Jan 31, 2020
5 Tips for New Laborers on a Paving Crew
Here, we share the top tips from our readers to help new laborers catch up to speed on the paving train.
1) Stay safe–and aware–on the job site.
It’s important that every member of the crew, including the new guy, knows how to operate safely within the job site.
One of the most obvious things you shouldn’t do is stepping out into traffic, like Bradley Gonnering commented on LinkedIn. Also important is not walking between or standing between a backing haul truck and the paver, adds Mike Drew (@RealMikeDrew on Twitter) and Chase Collard on LinkedIn.
You should also become familiar with the hand signals used with haul truck drivers on the job and be sure to make eye contact with the driver through the mirrors to ensure he or she is aware you are there, adds Lisa Stamblesky-Butler on Facebook.
2) Wear proper attire for the job.
Wearing proper personal protective equipment (PPE) is also imperative for safety on the job, says Steve Hodder on LinkedIn.
But, that’s not the only bit of advice regarding proper work attire. Clint Hanson (@cdubya81 on Twitter) warns against showing up in shorts and tennis shoes. Long pants and sturdy work boots will protect you from the hot asphalt and other risks.
As James Roy chimed in on LinkedIn, you can always tell a laborer is new by his clean work boots. That’s something only time and experience on the paving train will resolve!
3) Take initiative! Don’t just stand there.
Getting to the “next level” often relies on your own initiative and desire to learn.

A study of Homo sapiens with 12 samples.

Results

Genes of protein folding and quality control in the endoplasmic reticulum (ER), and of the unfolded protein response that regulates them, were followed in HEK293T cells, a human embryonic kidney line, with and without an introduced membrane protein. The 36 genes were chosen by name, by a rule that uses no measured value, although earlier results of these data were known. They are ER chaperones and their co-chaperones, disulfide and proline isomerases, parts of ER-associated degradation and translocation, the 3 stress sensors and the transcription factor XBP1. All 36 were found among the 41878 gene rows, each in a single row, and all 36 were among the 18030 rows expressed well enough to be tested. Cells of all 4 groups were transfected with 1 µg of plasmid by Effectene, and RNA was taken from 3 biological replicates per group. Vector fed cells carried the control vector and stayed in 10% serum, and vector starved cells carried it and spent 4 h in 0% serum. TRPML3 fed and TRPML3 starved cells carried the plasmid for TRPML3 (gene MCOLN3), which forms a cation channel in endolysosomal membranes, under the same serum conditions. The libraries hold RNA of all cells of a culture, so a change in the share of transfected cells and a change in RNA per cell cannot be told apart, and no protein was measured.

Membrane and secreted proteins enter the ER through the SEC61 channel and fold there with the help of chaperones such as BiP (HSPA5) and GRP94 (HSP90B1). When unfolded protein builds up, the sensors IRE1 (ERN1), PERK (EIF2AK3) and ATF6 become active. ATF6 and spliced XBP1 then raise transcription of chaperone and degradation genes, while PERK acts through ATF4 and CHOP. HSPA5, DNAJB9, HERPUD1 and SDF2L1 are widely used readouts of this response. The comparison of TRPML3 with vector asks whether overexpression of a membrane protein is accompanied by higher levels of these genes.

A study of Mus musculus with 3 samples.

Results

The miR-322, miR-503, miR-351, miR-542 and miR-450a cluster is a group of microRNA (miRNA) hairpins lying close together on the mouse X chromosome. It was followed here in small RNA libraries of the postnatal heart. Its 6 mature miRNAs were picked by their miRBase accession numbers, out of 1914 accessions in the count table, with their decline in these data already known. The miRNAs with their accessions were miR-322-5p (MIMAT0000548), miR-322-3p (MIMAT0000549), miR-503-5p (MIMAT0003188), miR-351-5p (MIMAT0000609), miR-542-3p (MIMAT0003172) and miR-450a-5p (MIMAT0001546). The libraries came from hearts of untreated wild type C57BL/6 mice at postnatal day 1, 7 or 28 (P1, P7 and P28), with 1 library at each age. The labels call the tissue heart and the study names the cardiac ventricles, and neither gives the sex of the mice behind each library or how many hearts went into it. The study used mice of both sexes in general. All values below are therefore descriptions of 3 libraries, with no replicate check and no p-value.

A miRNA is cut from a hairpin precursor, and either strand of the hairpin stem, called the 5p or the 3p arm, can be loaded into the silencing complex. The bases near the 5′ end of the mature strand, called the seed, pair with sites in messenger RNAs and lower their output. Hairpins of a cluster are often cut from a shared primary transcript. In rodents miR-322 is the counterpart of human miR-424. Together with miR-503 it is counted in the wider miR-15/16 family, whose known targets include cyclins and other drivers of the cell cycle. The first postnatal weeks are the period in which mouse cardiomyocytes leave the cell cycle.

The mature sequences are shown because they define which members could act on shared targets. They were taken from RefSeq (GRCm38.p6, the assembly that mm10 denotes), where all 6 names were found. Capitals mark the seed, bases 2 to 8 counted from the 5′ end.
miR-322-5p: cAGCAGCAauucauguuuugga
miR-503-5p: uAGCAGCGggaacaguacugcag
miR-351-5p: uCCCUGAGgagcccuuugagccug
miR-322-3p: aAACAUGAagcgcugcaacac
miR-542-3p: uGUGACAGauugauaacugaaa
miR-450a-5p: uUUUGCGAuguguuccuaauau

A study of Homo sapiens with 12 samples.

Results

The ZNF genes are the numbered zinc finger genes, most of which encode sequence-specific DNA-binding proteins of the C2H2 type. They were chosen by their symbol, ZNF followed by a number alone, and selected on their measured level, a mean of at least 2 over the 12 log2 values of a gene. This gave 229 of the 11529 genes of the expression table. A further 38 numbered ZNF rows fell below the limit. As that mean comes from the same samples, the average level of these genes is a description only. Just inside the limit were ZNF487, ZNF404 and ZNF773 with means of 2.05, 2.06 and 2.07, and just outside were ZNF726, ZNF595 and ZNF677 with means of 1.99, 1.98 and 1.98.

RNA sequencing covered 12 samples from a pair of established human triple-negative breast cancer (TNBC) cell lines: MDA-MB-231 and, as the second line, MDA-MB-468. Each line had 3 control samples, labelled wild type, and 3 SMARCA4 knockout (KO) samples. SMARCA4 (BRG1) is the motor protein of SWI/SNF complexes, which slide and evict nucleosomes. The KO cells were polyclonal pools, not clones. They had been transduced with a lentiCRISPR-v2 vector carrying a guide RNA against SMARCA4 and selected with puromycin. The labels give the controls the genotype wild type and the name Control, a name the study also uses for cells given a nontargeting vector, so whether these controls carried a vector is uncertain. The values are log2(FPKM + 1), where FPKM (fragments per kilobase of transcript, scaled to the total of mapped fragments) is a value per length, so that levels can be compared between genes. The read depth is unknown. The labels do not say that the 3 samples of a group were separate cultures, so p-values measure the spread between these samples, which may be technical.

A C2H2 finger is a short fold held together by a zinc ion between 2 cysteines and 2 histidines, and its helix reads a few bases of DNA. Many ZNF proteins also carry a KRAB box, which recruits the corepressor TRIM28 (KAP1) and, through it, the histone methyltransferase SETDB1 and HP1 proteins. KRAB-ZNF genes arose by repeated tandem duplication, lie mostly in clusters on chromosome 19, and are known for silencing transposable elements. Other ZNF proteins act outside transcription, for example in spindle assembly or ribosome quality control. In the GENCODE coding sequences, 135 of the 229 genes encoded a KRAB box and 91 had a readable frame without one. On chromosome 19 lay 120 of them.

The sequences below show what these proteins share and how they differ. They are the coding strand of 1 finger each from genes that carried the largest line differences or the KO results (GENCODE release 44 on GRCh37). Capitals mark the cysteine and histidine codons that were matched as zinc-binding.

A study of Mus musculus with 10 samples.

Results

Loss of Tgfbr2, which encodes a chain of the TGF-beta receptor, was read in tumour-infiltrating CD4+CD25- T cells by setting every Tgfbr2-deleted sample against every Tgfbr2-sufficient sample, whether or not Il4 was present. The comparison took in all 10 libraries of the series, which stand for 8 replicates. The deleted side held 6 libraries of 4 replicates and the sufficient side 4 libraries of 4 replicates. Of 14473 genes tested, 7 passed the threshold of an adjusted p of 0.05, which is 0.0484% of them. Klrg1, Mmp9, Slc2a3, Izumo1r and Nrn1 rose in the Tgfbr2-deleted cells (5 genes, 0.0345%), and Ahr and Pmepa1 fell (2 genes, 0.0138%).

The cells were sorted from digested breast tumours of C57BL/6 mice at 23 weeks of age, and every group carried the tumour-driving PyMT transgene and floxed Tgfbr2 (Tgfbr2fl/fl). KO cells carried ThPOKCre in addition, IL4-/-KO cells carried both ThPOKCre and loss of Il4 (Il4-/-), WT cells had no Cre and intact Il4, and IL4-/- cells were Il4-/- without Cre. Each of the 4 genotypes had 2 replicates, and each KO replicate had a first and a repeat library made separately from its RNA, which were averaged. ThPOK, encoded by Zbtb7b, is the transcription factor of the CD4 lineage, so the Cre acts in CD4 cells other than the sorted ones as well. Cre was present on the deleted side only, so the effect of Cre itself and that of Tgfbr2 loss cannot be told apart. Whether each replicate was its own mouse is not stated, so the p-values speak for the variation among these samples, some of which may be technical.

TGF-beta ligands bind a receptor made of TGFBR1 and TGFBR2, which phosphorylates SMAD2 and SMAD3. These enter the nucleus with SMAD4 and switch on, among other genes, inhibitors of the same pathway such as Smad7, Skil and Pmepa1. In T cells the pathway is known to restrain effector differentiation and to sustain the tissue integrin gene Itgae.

“Be vocal; always ask what’s next and pay attention,” replied @usoutworkers on Instagram. Constantine Paving (@Constantine_Paving on Instagram) suggests asking questions, learning, doing your best to figure out what comes next and how you can contribute to the end goal. Oh, and don’t just stand around.
“Standing around doing nothing is a rookie move,” said @LiftyRob on Instagram. “There’s always something to clean, shovel, rake. Watch someone’s back, spot a truck driver, traffic control, etc.”
4) Know proper shovel technique.
Knowing proper shovel technique is important, both to prevent injury and to be efficient in your job, “especially if it’s a day or a week straight of handwork” commented Ryan LeClaire on Facebook. “They either hold the shovel all the way down at the bottom of the handle or at the very top,” Vincent Engongoro added.
“We always tell the rookies to ‘Fill up the back of the shovel and the front takes care of itself’ when learning how to shovel,” replied @LiftyRob on Instagram; @Domjr6 recommends never taking a shovel of mix from the paver unless the driver knows you’re there (another great safety tip).
Proper shovel technique also means keeping your shovel clean, commented Rick Rallo on Facebook. One key to this is to lubricate your shovel, said AggTec, LLC (@AggTec on Twitter).
Knowing how to properly cast and spread mix across the mat–without getting any on fellow crew members, Charles Parent adds–is also important, say Mike and Brandi Jones on Facebook.
5) Don’t harm the final product.
The last one sounds simple, but you’d be surprised how many experienced crew members still make this mistake. “Don’t walk on unrolled asphalt,” urges Carly Buchanan on LinkedIn.